4 former superstars who would absolutely dominate in today’s NBA

Minnesota Timberwolves star Kevin Garnett and NBA legend Hakeem Olajuwon (JAMES NIELSEN/AFP via Getty Images)
Minnesota Timberwolves star Kevin Garnett and NBA legend Hakeem Olajuwon (JAMES NIELSEN/AFP via Getty Images) /
Shaquille O’Neal (Photo credit JEFF HAYNES/AFP via Getty Images) /

NBA Superstar #3: Shaquille O’Neal

Are you surprised to see the “Big Diesel” here? Don’t be. As arguably the most dominant force to ever play the game, O’Neal was a behemoth unlike any other in the history of the sport outside of Chamberlain. Standing at 7’1 and weighing 325 pounds, he had a great blend of power, agility, and athleticism that the league hadn’t seen at that size since Chamberlain himself.

Yes, I know what many of you are thinking, “How would O’Neal do in today’s era when you have bigs such as Nikola Jokic and Joel Embiid to space the floor? Well, he would have simply overpowered them into oblivion. With today’s rules where you aren’t allowed to hand check, grab players’ jerseys, or commit hard fouls without being given an ejection or flagrant, that would have shaken up the entire pendulum of the NBA.

The young Orlando Magic O’Neal could run all day while the Lakers version of O’Neal would simply bully two to three defenders for a ferocious slam, bruising and hurting opponents. O’Neal in today’s NBA, with less contact, would allow him to put up over 30 points per game easily!

Hakeem Olajuwon, NBA
Hakeem Olajuwon, NBA /

NBA Superstar #2: Hakeem Olajuwon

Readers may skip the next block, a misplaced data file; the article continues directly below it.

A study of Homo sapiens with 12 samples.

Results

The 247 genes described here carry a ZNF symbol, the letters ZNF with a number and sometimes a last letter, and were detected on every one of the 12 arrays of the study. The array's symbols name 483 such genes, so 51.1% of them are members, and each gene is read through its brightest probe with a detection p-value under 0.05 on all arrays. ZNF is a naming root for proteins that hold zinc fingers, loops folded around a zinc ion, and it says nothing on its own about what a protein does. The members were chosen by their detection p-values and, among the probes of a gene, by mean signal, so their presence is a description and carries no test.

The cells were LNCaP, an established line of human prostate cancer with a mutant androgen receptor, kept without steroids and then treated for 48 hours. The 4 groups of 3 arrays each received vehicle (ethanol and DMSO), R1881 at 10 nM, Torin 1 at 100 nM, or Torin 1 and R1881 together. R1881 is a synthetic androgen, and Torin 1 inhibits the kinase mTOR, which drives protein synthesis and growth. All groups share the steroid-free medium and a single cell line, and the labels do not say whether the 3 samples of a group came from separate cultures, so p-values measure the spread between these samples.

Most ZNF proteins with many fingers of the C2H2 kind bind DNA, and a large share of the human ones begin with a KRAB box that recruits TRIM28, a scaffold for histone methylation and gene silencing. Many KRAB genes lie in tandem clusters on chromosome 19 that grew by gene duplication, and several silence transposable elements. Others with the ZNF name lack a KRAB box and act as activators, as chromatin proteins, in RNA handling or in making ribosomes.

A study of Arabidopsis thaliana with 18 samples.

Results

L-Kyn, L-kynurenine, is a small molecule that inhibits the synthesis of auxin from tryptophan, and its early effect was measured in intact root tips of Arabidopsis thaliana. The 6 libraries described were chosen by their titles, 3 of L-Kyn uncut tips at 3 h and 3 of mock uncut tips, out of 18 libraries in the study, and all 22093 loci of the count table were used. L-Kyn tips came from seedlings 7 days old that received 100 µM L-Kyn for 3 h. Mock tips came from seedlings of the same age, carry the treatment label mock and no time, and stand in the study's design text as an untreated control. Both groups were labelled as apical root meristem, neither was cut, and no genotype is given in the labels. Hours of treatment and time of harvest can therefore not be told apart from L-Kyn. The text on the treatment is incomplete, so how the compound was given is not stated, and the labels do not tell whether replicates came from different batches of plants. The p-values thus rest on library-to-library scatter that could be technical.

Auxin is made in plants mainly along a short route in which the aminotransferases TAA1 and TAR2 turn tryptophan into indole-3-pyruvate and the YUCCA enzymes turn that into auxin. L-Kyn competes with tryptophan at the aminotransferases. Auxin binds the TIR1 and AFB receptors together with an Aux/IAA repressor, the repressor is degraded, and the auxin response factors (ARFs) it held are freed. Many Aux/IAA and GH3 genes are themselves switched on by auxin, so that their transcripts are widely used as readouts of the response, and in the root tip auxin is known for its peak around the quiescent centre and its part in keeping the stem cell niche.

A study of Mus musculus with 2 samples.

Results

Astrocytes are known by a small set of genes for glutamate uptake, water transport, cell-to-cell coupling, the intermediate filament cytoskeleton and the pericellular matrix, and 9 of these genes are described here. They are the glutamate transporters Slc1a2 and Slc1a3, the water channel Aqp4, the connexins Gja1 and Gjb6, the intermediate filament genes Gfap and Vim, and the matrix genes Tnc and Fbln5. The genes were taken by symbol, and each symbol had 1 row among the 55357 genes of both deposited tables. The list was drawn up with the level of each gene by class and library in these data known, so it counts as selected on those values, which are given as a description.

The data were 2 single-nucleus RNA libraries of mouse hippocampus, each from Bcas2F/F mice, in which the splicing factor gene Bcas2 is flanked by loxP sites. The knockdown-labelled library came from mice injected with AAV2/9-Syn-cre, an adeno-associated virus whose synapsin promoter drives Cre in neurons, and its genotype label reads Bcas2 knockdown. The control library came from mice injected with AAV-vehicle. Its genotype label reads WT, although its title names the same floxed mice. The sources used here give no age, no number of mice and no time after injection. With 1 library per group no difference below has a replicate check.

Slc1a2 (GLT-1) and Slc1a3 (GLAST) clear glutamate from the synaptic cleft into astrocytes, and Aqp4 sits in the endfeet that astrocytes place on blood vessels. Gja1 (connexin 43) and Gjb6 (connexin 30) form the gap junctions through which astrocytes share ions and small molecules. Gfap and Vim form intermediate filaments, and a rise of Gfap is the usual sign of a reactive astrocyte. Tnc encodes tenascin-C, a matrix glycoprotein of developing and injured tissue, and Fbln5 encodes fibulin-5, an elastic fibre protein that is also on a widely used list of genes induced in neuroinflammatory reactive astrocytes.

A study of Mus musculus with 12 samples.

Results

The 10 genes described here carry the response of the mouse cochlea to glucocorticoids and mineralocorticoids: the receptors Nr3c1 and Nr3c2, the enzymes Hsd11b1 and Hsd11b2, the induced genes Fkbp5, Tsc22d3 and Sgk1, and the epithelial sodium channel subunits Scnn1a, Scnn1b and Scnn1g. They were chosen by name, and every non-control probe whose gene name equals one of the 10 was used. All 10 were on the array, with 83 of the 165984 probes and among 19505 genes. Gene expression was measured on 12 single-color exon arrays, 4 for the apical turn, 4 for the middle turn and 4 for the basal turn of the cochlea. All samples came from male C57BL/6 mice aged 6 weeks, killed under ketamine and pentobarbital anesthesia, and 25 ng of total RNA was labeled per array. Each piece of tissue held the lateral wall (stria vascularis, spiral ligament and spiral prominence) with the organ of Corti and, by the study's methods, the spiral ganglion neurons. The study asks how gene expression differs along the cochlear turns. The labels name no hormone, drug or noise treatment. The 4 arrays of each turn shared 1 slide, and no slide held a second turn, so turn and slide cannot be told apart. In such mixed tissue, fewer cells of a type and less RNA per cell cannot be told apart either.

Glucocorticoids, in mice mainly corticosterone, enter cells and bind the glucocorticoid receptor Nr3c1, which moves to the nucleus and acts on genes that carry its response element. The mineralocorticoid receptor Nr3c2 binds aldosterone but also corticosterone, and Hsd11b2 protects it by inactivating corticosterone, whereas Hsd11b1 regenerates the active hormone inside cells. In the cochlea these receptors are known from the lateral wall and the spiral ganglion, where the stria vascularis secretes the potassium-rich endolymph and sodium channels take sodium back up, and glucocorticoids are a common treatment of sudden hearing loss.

He was perhaps the most skilled big man to ever play the game on both ends of the court. Hakeem “The Dream” Olajuwon is one of the most unique players to ever touch an NBA court. He had the footwork of a ballerina, was agile and graceful in his movements, and was a defensive force (hence being the all-time leader in blocks with 3,830) at a level that perhaps only Bill Russell and Wilt could match.

He had counter moves upon counter moves, from up-and-unders to his patented “Dream Shake”. Olajuwon had all the skills to play in today’s era and dominate, even without being a volume shooter from three-point range, though he was capable of hitting it in his day. Olajuwon would wreak havoc on the defensive end at a level that would make all the advanced metric nerds’ brains burst.

Offensively, he was just as dominant as well, averaging over 20 points and 10 rebounds per game for eleven consecutive seasons. Olajuwon’s prowess on both ends of the court would make him unequivocally the best big man in today’s game, ahead of Jokic and Embiid, who are no slouches themselves, which just speaks to the type of greatness “The Dream” showcased throughout his career.